A modern example at a hospital

A porte-cochère (/ˌpɔːrt kˈʃɛr/; French: [pɔʁt.kɔ.ʃɛʁ]), coach gate or carriage porch is a covered porch-like structure at a main or secondary entrance to a building through which originally a horse and carriage and today a motor vehicle can pass to provide arriving and departing occupants protection from the elements.[1][2]

Portes-cochère are still found on such structures as major public buildings and hotels, providing covered access for visitors and guests arriving by motorized transport. [3]

Portes-cochère, which are for vehicle passage, are often confused with porticos, columned porches or entries for human traffic.


The porte-cochère was a feature of many late 18th- and 19th-century mansions and public buildings. A well-known example is at Buckingham Palace in London. A portico at the White House in Washington, D.C. is often confused with a porte-cochère, where a raised vehicle ramp gives an architectural portico the functionality of the latter.[4]

Today portes-cochère are found at both elaborate private homes and such public buildings as churches, hotels, health facilities, and schools. Portes-cochère differ from carports in that the vehicles pass through for passengers to board or exit rather than being parked beneath the covered area.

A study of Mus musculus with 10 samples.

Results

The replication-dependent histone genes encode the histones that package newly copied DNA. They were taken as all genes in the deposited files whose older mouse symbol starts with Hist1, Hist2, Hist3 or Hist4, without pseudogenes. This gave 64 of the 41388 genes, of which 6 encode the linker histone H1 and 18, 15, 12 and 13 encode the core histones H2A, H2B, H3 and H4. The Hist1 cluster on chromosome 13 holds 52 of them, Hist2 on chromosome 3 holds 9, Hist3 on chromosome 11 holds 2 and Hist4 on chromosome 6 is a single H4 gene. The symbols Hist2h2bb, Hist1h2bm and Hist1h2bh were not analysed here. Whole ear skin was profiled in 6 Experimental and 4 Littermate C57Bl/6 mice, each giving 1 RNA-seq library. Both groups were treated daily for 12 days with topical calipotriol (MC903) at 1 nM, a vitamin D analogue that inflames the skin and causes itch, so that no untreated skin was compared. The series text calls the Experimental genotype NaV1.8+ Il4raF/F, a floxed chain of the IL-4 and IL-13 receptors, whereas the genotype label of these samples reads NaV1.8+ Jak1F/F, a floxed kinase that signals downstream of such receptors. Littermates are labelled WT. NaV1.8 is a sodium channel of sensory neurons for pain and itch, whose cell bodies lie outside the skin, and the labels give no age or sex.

Guard stones are often found at the foot of portes-cochère, acting as protective bollards to prevent vehicles from damaging the structure.



  1. ^ "porte cochere". Merriam Webster Dictionary. Merriam-Webster, Incorporated. Retrieved 27 October 2019.
  2. ^ "porte-cochereor porte-co·chère"., LLC. Retrieved 27 October 2019.
  3. ^ "Top 10 Design Tips to Dazzle Your Guests: The Porte Cochere". HKS Architecture. Archived from the original on 2017-10-17. Retrieved 2015-06-18.
  4. ^ "Shoptalk: Porte-Cochère". Treanor Architects. Retrieved 2015-09-18.